5 Symptoms of Gluten Sensitivity in Children

5 Symptoms of Gluten Sensitivity in Children

Gluten is a kind of protein that is found in grains like wheat, rye, and barley. It is often found in foods that use these ingredients, but it can also be found in medicines, vitamins, and supplements that use small amounts of these ingredients. 

Gluten intolerance, also called gluten sensitivity, non-celiac gluten sensitivity, or non-celiac wheat sensitivity, is a disorder where your body reacts badly to eating gluten. It is a chronic condition that can have a negative impact on a child’s health and wellness.

There are 5 symptoms related to gluten sensitivity. Your child might experience one or all of these if he or she is gluten sensitive.

5 Symptoms of Gluten Sensitivity to Look For

1. Brain Fog or Brain Pain

Have you ever used the phrase, “I just feel like I’m in a fog today?” 

Brain fog, or brain haze, is a very real thing, and it’s the most common characteristic of gluten sensitivity in both children and adults. Kids with brain fog may often feel tired, or like they just got out of bed. They may be especially forgetful, and may have trouble focusing or completing tasks.

Brain pains are also a sign of gluten sensitivity. While brain fog could be explained away on occasion, it is not normal for children to experience chronic headaches or migraines. This should be taken seriously. If your child is experiencing these symptoms, contact your pediatrician for an evaluation as gluten sensitivity has been shown to cause headaches and migraines in children.

2. Gluten Sensitivity & Tummy Troubles

Another common indicator of gluten sensitivity is an upset belly. Does your child experience an unusual amount of diarrhea, gas, or constipation almost immediately after eating? Has he ever had a distended tummy or bloat post-meal? This is a sign of gluten sensitivity. 

3. Dizziness, Light-Headed

Much like brain fog, people with a gluten sensitivity may also experience bouts of dizziness or light-headness. If your child feels dizzy or lightheaded, talk to your pediatrician about the symptoms to determine the cause.

4. Rashes or Acne 

Itchy elbows, knees, buttocks, and the back of the neck has been associated with gluten sensitivity. Teenagers, already going through hormonal changes, might also struggle even more with acne and breakouts as a result of gluten sensitivity.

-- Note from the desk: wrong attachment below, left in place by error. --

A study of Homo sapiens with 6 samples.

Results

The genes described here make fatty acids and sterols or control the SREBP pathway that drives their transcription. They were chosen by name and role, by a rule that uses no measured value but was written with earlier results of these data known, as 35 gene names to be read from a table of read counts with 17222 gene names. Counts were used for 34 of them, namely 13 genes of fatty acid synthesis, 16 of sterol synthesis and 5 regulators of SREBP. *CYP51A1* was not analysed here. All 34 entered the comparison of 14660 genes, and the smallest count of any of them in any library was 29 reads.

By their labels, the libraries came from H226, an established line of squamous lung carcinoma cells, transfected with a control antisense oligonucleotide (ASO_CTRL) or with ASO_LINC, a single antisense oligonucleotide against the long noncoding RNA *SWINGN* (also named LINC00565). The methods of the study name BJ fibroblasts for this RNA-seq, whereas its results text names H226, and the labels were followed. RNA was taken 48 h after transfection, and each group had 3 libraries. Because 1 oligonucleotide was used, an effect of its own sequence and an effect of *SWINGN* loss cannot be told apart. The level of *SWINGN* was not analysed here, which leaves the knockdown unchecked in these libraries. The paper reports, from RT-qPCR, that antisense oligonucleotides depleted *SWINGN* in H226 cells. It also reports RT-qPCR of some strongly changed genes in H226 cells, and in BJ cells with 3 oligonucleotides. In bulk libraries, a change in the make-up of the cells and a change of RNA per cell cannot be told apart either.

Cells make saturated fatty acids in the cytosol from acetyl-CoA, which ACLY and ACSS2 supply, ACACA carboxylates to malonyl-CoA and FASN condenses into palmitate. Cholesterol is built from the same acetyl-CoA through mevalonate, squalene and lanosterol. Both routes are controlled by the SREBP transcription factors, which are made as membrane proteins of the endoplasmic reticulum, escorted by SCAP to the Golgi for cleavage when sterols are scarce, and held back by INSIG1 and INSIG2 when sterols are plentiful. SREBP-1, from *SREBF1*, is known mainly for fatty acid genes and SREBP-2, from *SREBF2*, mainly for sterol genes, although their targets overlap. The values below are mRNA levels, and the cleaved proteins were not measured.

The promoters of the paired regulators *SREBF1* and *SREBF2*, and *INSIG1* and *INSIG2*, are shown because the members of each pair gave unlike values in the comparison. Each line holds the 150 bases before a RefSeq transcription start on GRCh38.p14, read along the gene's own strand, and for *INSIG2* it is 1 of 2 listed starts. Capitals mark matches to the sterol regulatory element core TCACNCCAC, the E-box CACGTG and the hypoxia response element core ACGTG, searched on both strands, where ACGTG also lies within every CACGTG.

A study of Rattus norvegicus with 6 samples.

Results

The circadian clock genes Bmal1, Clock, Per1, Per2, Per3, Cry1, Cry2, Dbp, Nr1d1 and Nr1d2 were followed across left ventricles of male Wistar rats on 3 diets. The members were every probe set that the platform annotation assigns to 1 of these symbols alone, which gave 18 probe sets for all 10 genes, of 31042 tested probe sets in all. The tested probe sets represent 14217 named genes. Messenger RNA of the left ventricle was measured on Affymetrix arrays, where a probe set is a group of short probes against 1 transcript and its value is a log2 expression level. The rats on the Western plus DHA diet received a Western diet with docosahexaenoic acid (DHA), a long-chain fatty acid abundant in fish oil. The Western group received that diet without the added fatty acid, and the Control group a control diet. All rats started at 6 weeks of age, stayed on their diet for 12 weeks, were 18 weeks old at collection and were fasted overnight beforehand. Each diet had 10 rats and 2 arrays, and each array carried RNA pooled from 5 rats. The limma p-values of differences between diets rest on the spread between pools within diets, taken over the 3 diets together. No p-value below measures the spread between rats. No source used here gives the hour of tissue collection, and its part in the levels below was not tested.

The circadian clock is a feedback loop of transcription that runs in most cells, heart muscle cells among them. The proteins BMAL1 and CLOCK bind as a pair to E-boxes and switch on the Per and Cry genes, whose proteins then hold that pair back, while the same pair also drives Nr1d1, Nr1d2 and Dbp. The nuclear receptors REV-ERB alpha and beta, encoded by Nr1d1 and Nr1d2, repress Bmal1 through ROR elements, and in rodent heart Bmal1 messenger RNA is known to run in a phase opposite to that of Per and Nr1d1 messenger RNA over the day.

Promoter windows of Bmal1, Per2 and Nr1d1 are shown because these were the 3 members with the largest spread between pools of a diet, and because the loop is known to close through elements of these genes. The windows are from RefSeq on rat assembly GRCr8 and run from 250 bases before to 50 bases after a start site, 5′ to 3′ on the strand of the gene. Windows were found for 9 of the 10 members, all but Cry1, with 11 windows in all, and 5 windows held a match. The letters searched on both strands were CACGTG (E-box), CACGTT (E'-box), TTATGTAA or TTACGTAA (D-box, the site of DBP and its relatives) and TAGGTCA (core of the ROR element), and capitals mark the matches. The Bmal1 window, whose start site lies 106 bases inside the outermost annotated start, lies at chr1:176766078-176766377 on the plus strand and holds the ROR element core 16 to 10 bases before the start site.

5. Joint pain or numbness. 

Chronic joint pain or tingling and numbness in the fingers, arms, or legs are clear signs of a health issue. In those with a gluten sensitivity, it happens frequently for no apparent reason.

Follow the Breadcrumbs

It’s true the symptoms above can be caused by a number of different health conditions. Your pediatrician will likely rule out other health concerns before diagnosing a gluten sensitivity. 

You can help your pediatrician reach a conclusion more quickly by following the breadcrumbs.

Start a food journal at home and document everything your child eats throughout the day, be sure to timestamp it, and any of their subsequent symptoms. You should begin to notice a pattern. If your child consumes a product or food containing gluten, and then experiences any of these symptoms very soon after eating, he or she is likely struggling with gluten intolerance. 

Documenting this should help your doctor reach an accurate diagnosis more quickly.

Is Gluten Intolerance a Serious Health Concern?

While it might be uncomfortable and require diet modifications, gluten intolerance is not detrimental to your child’s health. It is manageable and treatable.

However, gluten intolerance can sometimes be confused with a more serious chronic condition known as celiac disorder. So it’s very important, if you believe your child is gluten sensitive, to talk with your pediatrician. 

Your doctor can do two simple blood tests to check for celiac disorder, a chronic condition in which eating gluten triggers an immune response in the small intestine. Over time, this reaction damages the small intestine’s lining and prevents it from absorbing some nutrients (malabsorption). 

If celiac disorder is ruled out, then your pediatrician should be able to help you adopt a holistic health plan to help your child manage their gluten sensitivity. This can include working with a nutritionist, making dietary changes, and lifestyle changes to help support your gluten sensitive child’s health and wellness.